Tuesday, January 5, 2010

The Problem with "Enhancing" E-Books, or, Another Premature Obituary for Print

As I noted in my previous post,  Wired online recently previewed Ray Kurzweil's multi-platform e-reading technology called Blio. I think Blio is nifty but I stop short of sharing Wired's opinion: that it means "the end of the paper book. Right now, e-books are poor copies of paper books, with a single advantage: convenience. A book is just a container for text, not its natural home."

Wired is right that so far e-books are inferior replacements for books printed with ink on paper. For all their virtues, no e-text display is yet as pleasant or easy to read as an old-school book. This, I believe, is the main (not only) reason why consumers don't like to pay print-book prices for e-books. It's not that readers calculate, as various opiners have done, that publishers' cost of goods and distribution is lower with e-books and therefore we should lower our prices. Nor is it that Amazon has nefariously conditioned Kindle customers to believe $9.99 is what a book is worth. It's simply that, notwithstanding the ease of obtaining or carrying an e-book (and for some readers, the hugely useful ability to make the type larger), no e-book serves the purpose of reading (or browsing in, studying, or annotating) a text as well as its printed cousin.

But I don't want to rehash the e- vs. p-book debate here; I want to take up the implications of Wired's comments on Blio.  I assume what Wired means by the line quoted above is that what makes e-books now superior to printed ones is not that they do the same job better, but that they can present content in a way mere ink on paper cannot. They, along with Mike Shatzkin who has also posted about Blio, wax enthusiastic about the platform's capacity to add all sorts of multimedia goodies--videos, soundtracks, animations, hyperlinks--to book texts.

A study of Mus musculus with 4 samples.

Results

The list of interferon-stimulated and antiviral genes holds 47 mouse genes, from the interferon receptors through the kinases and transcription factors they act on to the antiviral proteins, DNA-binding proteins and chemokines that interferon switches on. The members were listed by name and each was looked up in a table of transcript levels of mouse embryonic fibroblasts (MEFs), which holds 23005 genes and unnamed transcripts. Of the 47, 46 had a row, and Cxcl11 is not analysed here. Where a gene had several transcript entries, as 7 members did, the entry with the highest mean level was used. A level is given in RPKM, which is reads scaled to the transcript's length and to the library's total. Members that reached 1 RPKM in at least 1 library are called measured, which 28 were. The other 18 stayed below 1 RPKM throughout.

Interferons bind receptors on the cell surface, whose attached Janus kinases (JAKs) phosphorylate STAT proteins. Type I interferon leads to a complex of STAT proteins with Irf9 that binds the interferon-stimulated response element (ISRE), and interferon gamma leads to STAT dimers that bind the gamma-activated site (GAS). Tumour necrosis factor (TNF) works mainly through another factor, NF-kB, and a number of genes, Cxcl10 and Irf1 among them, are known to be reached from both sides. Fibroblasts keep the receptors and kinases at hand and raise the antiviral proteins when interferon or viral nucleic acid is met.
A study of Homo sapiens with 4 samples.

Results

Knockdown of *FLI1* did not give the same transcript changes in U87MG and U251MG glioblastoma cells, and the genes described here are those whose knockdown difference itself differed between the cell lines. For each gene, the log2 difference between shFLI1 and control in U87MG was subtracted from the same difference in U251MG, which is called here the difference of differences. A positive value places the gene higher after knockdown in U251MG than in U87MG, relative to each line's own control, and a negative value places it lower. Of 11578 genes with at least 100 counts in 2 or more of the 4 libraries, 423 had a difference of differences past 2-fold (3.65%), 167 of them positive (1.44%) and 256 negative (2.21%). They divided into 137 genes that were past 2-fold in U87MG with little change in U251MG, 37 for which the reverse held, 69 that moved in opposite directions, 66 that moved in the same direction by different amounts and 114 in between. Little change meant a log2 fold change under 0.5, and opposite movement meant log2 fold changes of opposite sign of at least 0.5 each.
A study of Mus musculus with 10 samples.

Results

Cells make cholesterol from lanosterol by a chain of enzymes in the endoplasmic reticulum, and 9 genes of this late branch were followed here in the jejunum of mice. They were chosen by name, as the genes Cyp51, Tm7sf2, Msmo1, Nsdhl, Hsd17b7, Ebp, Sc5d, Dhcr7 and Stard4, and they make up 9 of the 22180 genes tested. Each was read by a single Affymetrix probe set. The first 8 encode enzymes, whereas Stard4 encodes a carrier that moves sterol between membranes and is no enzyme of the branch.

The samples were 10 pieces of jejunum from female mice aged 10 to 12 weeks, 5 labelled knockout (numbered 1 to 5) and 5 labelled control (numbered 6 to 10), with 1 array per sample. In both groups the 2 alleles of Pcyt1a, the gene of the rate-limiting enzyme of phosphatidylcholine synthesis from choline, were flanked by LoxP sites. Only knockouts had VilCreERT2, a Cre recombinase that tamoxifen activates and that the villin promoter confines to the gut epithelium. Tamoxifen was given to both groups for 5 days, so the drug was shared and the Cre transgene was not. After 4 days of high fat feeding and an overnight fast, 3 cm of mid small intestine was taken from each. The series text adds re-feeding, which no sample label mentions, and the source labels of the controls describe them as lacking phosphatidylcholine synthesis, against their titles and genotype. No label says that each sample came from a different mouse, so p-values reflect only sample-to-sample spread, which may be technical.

It's an alluring vision--imagine a history of World War II that includes not only a narrative, and the grainy photo insert such books have had for decades, but newsreel footage, FDR's or Ed Murrow's radio broadcasts, animated battle maps, or later interviews with survivors of Pearl Harbor or D-Day; it could include not just footnotes but hyperlinks to every source cited, or for that matter every New York Times article about the war from 1939 to 1945. 

Wouldn't that be cool? And you can imagine similar "enhanced" e-book treatments of all sorts of titles, from cookbooks to celebrity biographies. There's just one problem, and it's a big one. To create all this multimedia content is incredibly expensive. Leaving aside the cost of obtaining the rights, in my hypothetical WWII example, to newsreels, radio broadcasts, and six years of the New York Times--all of which could be prohibitive in itself--the time and energy involved in developing such material editorially (and which would probably involve both a book author and talented in-house staff) would be the equivalent of creating probably half a dozen text-only titles, or more. Simply creating hyperlinked footnotes--something I'd love to find in a digital book--could take up weeks of someone's time. 

Yes, digital publishing allows us to create vastly richer products. But richness doesn't come cheap. You can create an amazingly sophisticated straight-text book very economically, because the sophistication comes from the author's mind. To create an equivalently sophisticated multimedia book is far more demanding. It's like the difference between creating a floor plan and building and furnishing a house--and requires an equivalent increase in person-hours and resources. 

Don't forget, we've been down the road with multimedia books before--back then they were on CD-ROMs. Books on CD failed, not only because consumers weren't ready for the technology, but because very few of them, in my opinion,actually delivered on the promise of the medium. And those that did tended to be priced far higher than what readers were used to paying for books. 

In effect there are two ways to go with "enhancing" e-books. There's the low budget, easy way, where you attach some video or audio content alongside of what's basically conventional text. And there's the expensive, difficult way, where you really reconceive the work and develop the content in all the ways digital makes possible.  I can't see any means of making the latter economically viable without charging prices that are at least three or four times what hardcovers usually bring.  Now, we may find the market will bear such prices. Would you pay $75 or $100 for the fabulous WWII e-book I described above? As a history buff, I might. But unless I, and thousands like me, actually will, I think Blio and its kindred will remain an underutilized technology.  

Even if a high-end market is established for such truly enhanced e-books, it's hard to see them displacing straight-text display (whether that's a printed page or e-ink) for a long time. The written word is still by far the most efficient and economical way of conveying information. "Enhancements" may add value to it, but they subtract efficiency.